Thursday, June 15, 2017

bristol pilgrimage 2017…

If you’re ever on the beautiful island of Iona, the weekly pilgrimage walk around the island is an experience not to be missed.
During the course of my 8-week stay there as a volunteer with the Iona Community in 2012, I bought Jane Bentley+Neil Paynter’s really excellent book “Around A Thin Place” (an Iona pilgrimage guide) and, as well as using it when I was on Iona, I have used it as a resource for my own Bristol pilgrimage version on three previous occasions (undertaken in September 2012, March 2014 and June 2015).
Yesterday, I decided to undertake a fourth ‘pilgrimage’ journey around Bristol (strangely, I thought I’d done more than this… but the blog never lies!).

This time, I broke up my route into eight sections or stops… pausing for reflections taken from the book, together with my own deliberations. Each time I’ve done this, I’ve used a completely different set of locations and, as on my previous walks, the weather was perfect.
As before, I related my stopping points with pilgrimage stops on Iona:
St Martin’s Cross/setting out on the road was Gaol Ferry Bridge; The Crossroads was the Cumberland Piazza (essentially land under the flyovers by Cumberland Basin); Dun I/High Point was the Clifton Suspension Bridge; The Hermit’s Cell was, perhaps a little incongruously, Clifton Cathedral (the Roman Catholic cathedral); St Columba’s Bay was the Harbour/Harbourside; The Machair was Queen Square; The Jetty was Temple Meads station;
and St Oran’s Chapel/Reilig Odhrain was God’s Garden (a grassed area beside the Cut).

I’ve been chatting to quite a few of Bristol’s homeless people over recent months and I found my final stop at God’s Garden particularly poignant. On Iona, St Oran’s Chapel was the place that the bodies of numerous kings were sent for burial – the end of the journey (literally)… the homecoming, as it were. God’s Garden was my final stop before arriving back at home, just up the road. But, for many of the homeless, God’s Garden IS home. Small, rough tents, belonging to these otherwise homeless people, have appeared over recent months. As you might imagine, it’s far from ideal but it does represent the nearest thing to home for many of them. It’s a very tough existence – made all the worse because of the frequent thefts of their ‘belongings’ or people causing deliberate damage to their tents… or even the risk of flooding (from the adjacent tidal Cut). Life is tough… everyone needs their dignity.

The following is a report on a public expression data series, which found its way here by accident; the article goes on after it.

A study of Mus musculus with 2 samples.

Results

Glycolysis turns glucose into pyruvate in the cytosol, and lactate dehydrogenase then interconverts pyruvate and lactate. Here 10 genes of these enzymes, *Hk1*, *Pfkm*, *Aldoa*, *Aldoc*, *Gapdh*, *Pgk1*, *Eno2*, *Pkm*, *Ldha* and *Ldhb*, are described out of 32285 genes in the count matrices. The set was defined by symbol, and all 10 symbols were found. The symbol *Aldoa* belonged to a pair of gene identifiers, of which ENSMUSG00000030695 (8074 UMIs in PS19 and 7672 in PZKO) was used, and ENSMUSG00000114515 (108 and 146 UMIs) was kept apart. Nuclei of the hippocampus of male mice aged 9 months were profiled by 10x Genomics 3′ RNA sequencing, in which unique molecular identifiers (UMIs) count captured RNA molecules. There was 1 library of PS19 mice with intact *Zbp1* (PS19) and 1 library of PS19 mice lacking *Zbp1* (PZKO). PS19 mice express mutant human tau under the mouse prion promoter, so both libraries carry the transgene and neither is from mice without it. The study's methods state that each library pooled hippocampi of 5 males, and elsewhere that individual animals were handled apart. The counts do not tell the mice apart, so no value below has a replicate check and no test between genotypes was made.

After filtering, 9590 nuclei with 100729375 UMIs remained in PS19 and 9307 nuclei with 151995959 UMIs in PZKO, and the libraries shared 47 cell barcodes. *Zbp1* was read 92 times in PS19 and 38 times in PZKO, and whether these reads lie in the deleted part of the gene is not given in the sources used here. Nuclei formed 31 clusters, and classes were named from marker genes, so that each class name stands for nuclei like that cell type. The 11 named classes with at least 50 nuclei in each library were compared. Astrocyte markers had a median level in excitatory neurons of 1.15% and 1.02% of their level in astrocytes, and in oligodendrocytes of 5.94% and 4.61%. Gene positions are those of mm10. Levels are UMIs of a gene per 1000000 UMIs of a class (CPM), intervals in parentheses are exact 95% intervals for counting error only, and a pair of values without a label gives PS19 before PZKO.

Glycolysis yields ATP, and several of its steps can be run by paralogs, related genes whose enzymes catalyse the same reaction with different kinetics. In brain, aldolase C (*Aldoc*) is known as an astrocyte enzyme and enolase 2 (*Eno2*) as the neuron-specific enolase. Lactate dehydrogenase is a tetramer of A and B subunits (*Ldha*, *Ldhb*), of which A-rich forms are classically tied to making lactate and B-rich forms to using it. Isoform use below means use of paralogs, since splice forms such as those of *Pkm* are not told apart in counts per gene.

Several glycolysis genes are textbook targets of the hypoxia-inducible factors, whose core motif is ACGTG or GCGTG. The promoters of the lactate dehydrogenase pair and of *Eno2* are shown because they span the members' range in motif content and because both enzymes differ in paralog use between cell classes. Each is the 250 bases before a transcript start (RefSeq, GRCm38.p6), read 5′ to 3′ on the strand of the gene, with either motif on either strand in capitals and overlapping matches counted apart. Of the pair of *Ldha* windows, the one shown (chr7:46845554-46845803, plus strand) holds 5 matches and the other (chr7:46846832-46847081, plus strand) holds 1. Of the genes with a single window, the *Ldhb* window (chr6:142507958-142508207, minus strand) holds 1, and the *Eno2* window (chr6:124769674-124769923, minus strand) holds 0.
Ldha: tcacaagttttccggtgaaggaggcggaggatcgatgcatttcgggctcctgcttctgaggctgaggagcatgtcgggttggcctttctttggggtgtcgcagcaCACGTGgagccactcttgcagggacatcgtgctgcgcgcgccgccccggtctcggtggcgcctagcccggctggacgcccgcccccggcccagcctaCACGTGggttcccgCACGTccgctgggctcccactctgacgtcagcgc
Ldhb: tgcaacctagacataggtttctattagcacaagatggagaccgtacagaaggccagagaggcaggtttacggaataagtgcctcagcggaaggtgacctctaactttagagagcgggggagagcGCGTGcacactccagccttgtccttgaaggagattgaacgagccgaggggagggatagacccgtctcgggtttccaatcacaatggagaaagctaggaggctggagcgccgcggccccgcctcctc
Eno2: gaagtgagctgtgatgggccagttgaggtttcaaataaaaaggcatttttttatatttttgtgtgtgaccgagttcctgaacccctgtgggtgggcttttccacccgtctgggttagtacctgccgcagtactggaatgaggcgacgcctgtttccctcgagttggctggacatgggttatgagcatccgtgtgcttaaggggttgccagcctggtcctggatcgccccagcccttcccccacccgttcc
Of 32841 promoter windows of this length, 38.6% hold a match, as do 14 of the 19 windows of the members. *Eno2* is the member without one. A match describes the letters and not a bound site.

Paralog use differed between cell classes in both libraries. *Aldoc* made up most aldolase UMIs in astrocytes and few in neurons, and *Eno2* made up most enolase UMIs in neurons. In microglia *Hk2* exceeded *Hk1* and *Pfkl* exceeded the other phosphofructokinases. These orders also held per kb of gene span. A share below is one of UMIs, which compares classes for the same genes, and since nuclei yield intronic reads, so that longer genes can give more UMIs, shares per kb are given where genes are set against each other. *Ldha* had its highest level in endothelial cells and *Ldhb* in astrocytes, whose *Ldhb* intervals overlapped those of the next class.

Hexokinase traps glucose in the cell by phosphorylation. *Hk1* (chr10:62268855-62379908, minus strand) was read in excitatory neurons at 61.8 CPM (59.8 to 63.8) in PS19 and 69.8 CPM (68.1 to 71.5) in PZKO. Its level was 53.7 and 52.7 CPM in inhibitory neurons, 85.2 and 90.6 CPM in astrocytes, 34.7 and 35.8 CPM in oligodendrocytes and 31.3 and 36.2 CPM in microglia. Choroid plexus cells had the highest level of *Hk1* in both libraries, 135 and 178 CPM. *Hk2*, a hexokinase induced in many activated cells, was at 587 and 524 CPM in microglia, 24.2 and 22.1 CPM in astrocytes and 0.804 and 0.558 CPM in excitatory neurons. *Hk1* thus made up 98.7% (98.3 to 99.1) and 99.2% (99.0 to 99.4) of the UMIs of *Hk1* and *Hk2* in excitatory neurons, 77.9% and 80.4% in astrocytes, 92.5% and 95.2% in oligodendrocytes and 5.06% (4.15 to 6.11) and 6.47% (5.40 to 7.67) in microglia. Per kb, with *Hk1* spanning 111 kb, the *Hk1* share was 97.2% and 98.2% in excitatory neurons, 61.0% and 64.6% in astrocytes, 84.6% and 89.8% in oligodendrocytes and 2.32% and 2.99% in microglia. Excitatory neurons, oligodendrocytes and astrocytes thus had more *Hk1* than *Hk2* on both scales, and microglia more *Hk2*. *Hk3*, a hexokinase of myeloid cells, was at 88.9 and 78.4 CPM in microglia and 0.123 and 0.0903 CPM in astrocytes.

Within two minutes of leaving God’s Garden, I passed a roadsign declaring “Home Zone ENDS” (Home Zones are small local residential areas where traffic and pedestrians are mixed together – no pavements). In the circumstances, it seemed a particularly ironic, sad statement.
The day proved to be another challenging and thought-provoking time… and something that I will no doubt repeat in Bristol over the coming years.
This Celtic blessing, from the book, seemed to sum up my day rather nicely:
May God’s goodness be yours,
and well, and seven times well, may you spend your lives:
may you be an isle in the sea,
may you be a hill on the shore,
may you be a star in the darkness,
may you be a staff to the weak;
and may the power of the Spirit
pour on you, richly and generously,
today, and in the days to come.
Photos: just a few photographs from my day.